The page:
Meta plans to charge a total 47.5% fee on metaverse items, and NFT creators on Twitter are upset. “The future of work is giving Meta 47.5% of your salary, apparently,” one user tweeted. “We don’t need a greedy, out of touch billionaire middlemanning our assets,” said another.
Here's how the fee breaks down, according to Meta: The Meta Quest Store takes its 30% standard cut on purchases, and then Meta takes another 25% on what's left as a "Horizon Platform fee." Despite complaining about other app stores' 30% cut, Meta's Facebook has long charged developers 30% for in-app purchases in social games.
The news broke as Meta revealed details about its metaverse monetization plans and people started reading the fine print. Mark Zuckerberg said in a Monday video that the company was testing out ways to monetize the metaverse, but omitted the crucial details.
Compared with the relatively small fees NFT creators pay on other virtual-goods marketplaces, like the 2.5% fee on NFT market OpenSea, a nearly 50% cut feels like highway robbery. The reasons they are upset, on the surface, are clear.
What’s less clear is whether these tweeters realize that items bought and sold in Zuckerberg’s forthcoming metaverse are not, in fact, NFTs. Horizon Worlds is centralized, owned and designed by a single, for-profit company. The in-game items are not much different than purchasing skins in Fortnite, and Meta could take them away whenever they choose.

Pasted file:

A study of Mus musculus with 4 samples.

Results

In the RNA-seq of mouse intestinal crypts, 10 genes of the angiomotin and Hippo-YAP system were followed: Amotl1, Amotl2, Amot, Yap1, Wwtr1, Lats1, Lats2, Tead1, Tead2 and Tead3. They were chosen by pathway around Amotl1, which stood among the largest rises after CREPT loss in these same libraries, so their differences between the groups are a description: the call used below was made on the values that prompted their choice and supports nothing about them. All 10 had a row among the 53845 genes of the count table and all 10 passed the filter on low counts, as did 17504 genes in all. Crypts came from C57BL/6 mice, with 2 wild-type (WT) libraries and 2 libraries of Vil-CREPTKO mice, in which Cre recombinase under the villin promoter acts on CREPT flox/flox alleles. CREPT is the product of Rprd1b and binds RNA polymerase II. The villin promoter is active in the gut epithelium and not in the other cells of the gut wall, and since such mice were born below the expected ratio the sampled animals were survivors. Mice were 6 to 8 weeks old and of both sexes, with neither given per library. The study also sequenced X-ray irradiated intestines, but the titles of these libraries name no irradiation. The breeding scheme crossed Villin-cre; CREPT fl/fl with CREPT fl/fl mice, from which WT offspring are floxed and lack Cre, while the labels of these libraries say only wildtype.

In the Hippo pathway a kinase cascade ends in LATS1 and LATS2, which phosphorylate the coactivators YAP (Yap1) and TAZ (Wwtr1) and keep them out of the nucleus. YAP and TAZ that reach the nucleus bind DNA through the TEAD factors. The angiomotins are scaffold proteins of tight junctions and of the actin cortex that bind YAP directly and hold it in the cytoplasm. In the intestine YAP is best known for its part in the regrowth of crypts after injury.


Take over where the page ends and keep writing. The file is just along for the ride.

With the large fee, Meta is instead signaling to the world that it expects market dominance: Company leadership is betting that most people will want to — or be pressured to to — buy and sell their digital goods through their platform, alone. Just like Apple and Android can charge a 30% fee of purchases made on their app stores, Meta thinks it can do the same with digital goods. (This will not help Meta when it tries to take further shots at Apple over its developer fees, which run from 15% to 30%).
Blockchain evangelists are believers in a decentralized future metaverse, where items will exist as portable non-fungible tokens and every token holder will often have an ownership stake in the underlying systems on which games or virtual worlds operate. In Decentraland and Sandbox, for example, two in-development decentralized virtual worlds, users own their items and are able to sell them for little more than gas fees. This creates a kind of de facto cooperative ownership model, which crypto optimists say is a fairer structure for gamers.
It’s also easier to see how portability would work in a truly decentralized model. If users really “own” the digital puppy they just bought, or the skin they dressed their avatar with, then it would make sense for them to be able to carry these digital goods with them from game to game.
Zuckerberg told the Verge last year that a “good vision for the metaverse” would have portability and interoperability. How, or whether, he would implement this in Horizon Worlds is unclear. It’s also unclear how this would happen, practically, in any virtual world: Everyone likes to talk about how metaverse users should be able to bring goods from one environment to another, but currently there are little more than proof-of-concept tests.
Like many of the things crypto fanatics care about, the future of digital goods in virtual reality is mostly just speculation at this point. The scuffle over Meta’s large fees, however, shows that the speculation matters. Even though Meta is only testing out this monetization structure, it may have lost goodwill among potential future users already. The harshest skeptics on Twitter think the company is digging its own virtual grave by seeking such a big cut.